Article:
The Other 28th President: Edith Bolling Wilson Part 2

About the other 28th President, Edith Bolling Wilson, who took charge during her husband Woodrow's illness.

The Other 28th President

EDITH BOLLING WILSON

A unique configuration of circumstances led Edith Wilson to become "Acting President," as some called her. She was strongly influenced by Dr. F. X. Dercum, who implored her to take over, stressing that her husband's life depended upon her. He explained that the President had a blood clot in his brain. The clot would dissolve and he would probably recover-if he was spared the chore of making decisions and he was shielded from all disturbing problems. Resignation was no answer, Dr. Dercum warned. His will to live would be gone, and the ratification of the peace treaty would be endangered, along with the League of Nations, the cause that meant the most to him. Dr. Grayson, Wilson's personal physician and friend, concurred in this opinion. Both doctors agreed that the elevation of Vice-President Thomas Riley Marshall to head of state would be calamitous. Marshall, the logical stand-in for Wilson by virtue of official rank, was a happy-go-lucky chap whose affability and entertaining speeches endeared him to everyone. It was he who coined the phrase, "What this country needs is a good 5 cent cigar." However, at the prospect of assuming the Presidency, he simply dissolved. On one occasion, when he was reminded that he might have to take over Woodrow Wilson's job, he buried his head in his hands and could not speak. Another time, when he was asked what he would do if he became President, he blurted out, "I can't even think about it."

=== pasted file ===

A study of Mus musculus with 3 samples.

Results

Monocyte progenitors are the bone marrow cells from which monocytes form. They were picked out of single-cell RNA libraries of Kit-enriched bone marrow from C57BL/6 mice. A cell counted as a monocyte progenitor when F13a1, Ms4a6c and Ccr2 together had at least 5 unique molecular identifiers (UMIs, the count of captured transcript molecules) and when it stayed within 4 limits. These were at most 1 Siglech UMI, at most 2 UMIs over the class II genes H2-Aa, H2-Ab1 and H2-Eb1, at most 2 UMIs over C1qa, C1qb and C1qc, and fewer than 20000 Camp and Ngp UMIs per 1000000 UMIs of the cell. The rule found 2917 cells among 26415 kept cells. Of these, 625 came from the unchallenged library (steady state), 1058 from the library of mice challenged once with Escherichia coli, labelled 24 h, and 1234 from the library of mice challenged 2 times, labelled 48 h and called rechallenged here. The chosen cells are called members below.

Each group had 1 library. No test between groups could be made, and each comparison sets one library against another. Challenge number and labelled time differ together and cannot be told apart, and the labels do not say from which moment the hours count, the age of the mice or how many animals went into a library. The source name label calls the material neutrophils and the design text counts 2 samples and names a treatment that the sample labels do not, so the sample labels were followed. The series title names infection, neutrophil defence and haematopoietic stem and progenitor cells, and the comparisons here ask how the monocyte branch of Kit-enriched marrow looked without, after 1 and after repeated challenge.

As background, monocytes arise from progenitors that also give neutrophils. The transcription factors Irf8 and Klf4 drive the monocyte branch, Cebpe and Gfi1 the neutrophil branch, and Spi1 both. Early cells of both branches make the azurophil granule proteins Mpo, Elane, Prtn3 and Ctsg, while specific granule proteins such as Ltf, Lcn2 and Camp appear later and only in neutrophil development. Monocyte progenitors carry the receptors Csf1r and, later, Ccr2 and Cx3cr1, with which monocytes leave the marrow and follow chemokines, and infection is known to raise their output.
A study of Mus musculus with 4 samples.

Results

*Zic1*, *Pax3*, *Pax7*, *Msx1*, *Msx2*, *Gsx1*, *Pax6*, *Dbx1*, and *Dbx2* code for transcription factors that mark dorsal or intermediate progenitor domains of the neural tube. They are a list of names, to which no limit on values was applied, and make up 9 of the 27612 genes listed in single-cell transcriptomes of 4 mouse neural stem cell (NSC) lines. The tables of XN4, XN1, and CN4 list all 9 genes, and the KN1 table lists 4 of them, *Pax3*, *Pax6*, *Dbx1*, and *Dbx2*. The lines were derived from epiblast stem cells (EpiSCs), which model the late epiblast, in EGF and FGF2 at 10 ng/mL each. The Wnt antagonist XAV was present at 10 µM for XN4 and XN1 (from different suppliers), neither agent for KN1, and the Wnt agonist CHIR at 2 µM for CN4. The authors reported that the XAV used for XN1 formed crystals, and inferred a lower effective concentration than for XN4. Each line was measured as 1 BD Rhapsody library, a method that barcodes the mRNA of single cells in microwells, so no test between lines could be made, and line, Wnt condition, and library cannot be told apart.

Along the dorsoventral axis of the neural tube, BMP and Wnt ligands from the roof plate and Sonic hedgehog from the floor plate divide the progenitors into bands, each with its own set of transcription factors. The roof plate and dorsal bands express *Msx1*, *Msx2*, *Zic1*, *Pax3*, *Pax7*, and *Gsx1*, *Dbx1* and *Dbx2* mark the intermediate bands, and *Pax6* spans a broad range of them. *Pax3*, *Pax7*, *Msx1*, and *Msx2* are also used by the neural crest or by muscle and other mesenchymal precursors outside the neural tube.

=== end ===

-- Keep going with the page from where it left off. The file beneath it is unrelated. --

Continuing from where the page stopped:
Secretary of State Robert Lansing was not much better suited temperamentally to fill the role of chief of state. Nor did he know as much about foreign policy as Edith Wilson, who had been Wilson's confidante. In fact, all Lansing knew about Wilson's policies was what he read in the newspapers. For that matter, Marshall knew little more. Marshall sidestepped Cabinet meetings, quipping that if he couldn't have the $75,000 a year that went along with the President's job, he wasn't going to do any of his work.

Lone wolf Wilson had one alter ego on whom he relied--his wife, Edith. He told her everything, and she helped him make all his decisions. When he weighed the alternatives to acceptance of William Jennings Bryan's letter of resignation, Edith tipped the scales, urging him to replace Bryan. Bryan, who was Secretary of State before Lansing, was a dedicated pacifist. His opposition to preparedness for war Edith considered dangerous. Wilson deferred to Edith's opinion.

Edith had sat in on all of Wilson's private conferences. She was the only person who knew the secret code by which he communicated with Colonel House and his emissaries in Europe. Wilson had taught her the code in February of 1915, and from then on he wrote his top-secret communications in longhand for Edith to encode in her own writing. Edith also decoded incoming messages during those 4 1/2 years. Not another soul knew the mind of Wilson and the nuances of his foreign policy the way that Edith Bolling Wilson did. Thus she was eminently suited to the awesome cares thrust upon her by destiny.